North Korea Says It’s Not Involved In Sony Hack; Proposes Joint Probe With US


Further, the FBI noticed “significant overlap between the infrastructure used in this attack and other malicious cyber activity the U.S. government has previously linked directly to North Korea.” For instance, the FBI said several IP addresses with “known North Korean infrastructure” communicated with IP addresses “hardcoded” into the malware that ripped through Sony’s systems, deleting data and swiping sensitive information and rendering thousands of computers inoperable. The FBI also said the “tools” used in the attack are similar to those in a North Korea-led attack against South Korean banks and media outlets last year.

“We are deeply concerned about the destructive nature of this attack on a private sector entity and the ordinary citizens who worked there,” the FBI said in its statement. “Further, North Korea’s attack on SPE reaffirms that cyber threats pose one of the gravest national security dangers to the United States. Though the FBI has seen a wide variety and increasing number of cyber intrusions, the destructive nature of this attack, coupled with its coercive nature, sets it apart.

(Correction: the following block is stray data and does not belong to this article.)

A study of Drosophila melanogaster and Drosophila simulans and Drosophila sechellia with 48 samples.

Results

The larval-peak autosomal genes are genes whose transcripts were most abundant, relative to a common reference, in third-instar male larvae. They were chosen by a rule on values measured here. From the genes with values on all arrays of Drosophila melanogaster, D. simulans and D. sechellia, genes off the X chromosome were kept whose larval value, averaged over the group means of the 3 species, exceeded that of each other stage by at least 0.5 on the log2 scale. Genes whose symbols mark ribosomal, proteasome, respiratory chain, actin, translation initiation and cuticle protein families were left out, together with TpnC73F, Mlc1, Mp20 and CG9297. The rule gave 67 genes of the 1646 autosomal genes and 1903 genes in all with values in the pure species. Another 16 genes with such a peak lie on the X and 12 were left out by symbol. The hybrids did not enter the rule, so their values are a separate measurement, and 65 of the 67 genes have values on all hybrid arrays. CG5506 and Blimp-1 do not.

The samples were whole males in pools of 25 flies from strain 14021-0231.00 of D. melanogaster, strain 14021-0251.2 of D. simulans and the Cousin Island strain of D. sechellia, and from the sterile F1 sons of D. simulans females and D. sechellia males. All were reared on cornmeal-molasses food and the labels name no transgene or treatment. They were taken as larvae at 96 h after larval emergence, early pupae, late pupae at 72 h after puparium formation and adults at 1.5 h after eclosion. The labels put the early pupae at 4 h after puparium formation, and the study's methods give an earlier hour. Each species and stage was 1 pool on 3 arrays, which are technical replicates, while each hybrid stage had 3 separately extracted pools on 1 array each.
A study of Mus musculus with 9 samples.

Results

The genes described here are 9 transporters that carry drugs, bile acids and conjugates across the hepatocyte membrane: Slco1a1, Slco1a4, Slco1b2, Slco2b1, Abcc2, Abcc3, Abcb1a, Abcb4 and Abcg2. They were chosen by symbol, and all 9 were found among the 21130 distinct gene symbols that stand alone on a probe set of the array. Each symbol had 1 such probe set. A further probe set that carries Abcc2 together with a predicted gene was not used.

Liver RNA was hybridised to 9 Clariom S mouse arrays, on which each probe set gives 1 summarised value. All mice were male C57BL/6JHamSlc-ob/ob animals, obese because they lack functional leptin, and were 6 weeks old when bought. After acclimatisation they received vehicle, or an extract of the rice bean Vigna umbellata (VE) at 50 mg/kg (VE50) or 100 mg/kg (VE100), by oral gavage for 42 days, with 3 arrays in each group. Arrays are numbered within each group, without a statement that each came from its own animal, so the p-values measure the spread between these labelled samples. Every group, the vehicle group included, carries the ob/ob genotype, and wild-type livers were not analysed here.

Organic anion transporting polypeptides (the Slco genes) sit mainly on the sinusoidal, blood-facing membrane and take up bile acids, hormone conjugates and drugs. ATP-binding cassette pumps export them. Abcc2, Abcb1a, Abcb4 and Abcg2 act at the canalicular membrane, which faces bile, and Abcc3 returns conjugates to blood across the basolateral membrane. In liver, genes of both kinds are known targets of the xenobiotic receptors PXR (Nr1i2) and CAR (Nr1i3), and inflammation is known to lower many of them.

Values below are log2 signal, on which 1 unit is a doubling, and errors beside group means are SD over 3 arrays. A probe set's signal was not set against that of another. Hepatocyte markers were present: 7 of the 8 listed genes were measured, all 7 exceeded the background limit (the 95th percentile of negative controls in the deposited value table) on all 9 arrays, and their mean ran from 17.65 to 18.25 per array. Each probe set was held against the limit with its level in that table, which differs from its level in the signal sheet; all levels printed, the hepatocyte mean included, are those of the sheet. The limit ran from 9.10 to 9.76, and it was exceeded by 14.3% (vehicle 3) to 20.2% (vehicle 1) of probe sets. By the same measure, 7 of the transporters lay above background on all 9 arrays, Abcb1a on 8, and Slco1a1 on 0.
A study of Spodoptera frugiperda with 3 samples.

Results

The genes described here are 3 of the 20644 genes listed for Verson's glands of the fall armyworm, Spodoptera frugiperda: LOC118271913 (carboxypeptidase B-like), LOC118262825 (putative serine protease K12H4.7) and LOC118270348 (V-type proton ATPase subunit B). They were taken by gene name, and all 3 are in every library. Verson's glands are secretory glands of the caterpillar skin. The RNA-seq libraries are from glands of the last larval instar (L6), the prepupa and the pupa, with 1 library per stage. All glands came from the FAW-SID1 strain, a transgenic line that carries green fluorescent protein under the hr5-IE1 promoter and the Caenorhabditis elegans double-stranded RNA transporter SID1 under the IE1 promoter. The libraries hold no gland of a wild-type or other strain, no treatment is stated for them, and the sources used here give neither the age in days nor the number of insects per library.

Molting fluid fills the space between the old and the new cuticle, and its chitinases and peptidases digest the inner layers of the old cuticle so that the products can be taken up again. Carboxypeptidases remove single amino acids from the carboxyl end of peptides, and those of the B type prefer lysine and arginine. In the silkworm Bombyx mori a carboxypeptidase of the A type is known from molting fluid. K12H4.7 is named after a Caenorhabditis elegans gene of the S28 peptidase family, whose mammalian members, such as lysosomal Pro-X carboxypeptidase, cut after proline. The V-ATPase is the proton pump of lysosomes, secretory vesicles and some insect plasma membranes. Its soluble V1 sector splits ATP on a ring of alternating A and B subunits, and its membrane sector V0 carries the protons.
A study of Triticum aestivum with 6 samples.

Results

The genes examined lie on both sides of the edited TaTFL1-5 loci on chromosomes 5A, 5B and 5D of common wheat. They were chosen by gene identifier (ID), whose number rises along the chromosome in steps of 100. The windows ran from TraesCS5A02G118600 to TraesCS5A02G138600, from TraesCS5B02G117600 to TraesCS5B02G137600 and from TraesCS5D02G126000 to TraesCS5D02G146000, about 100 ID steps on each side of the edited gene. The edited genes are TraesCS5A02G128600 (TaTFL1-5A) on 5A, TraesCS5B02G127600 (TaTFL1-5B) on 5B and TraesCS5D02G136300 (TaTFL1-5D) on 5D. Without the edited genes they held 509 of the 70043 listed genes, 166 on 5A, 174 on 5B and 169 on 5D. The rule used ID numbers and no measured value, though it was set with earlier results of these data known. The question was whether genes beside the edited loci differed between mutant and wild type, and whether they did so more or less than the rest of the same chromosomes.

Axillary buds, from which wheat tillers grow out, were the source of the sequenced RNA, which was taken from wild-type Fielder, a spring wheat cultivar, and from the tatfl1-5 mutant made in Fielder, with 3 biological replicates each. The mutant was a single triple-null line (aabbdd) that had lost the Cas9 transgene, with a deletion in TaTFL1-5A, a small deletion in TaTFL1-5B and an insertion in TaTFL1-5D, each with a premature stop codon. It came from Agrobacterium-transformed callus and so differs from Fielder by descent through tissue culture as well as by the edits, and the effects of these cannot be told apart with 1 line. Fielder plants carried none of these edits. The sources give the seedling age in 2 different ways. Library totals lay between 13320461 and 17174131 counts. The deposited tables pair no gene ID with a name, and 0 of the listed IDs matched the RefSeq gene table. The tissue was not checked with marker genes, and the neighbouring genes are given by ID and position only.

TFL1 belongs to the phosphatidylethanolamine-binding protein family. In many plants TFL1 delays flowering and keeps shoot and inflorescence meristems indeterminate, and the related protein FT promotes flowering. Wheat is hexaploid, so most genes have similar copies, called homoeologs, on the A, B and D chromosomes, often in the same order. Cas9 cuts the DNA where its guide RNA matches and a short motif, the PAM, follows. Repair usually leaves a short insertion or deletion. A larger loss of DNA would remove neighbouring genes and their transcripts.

“North Korea’s actions were intended to inflict significant harm on a U.S. business and suppress the right of American citizens to express themselves. Such acts of intimidation fall outside the bounds of acceptable state behavior.” Obama said in a press conference Friday that there was no indication that points to any other country working with North Korea in the attack. Obama vowed Friday: “We will respond.’

The FBI announced Monday North Korea is responsible for the cyberattack on Sony Pictures. An FBI investigation linked the malware, infrastructure and techniques used by a group of hackers called “Guardians of Peace” in the Sony attack to previous North Korean cyberattacks. The hackers broke into Sony’s servers, published private emails and information, and threatened to attack movie theaters screening “The Interview,” a comedy film about an assassination plot on North Korean leader Kim Jong Un. U.S. President Barack Obama said Friday that Sony Pictures made a mistake in canceling the release of the movie.

 “I am sympathetic to the concerns that they face,” Obama said Friday. “Having said all that, yes, I think they made a mistake. Let’s not get into that way of doing business.” North Korea rejected the notion that it would attack “innocent moviegoers.” “We will not tolerate the people who are willing to insult our supreme leader, but even when we retaliate, we will not conduct terror against innocent moviegoers,” KCNA said. “The retaliation will target the ones who are responsible and the originators of the insults. Our army has the intention and ability to do (so).”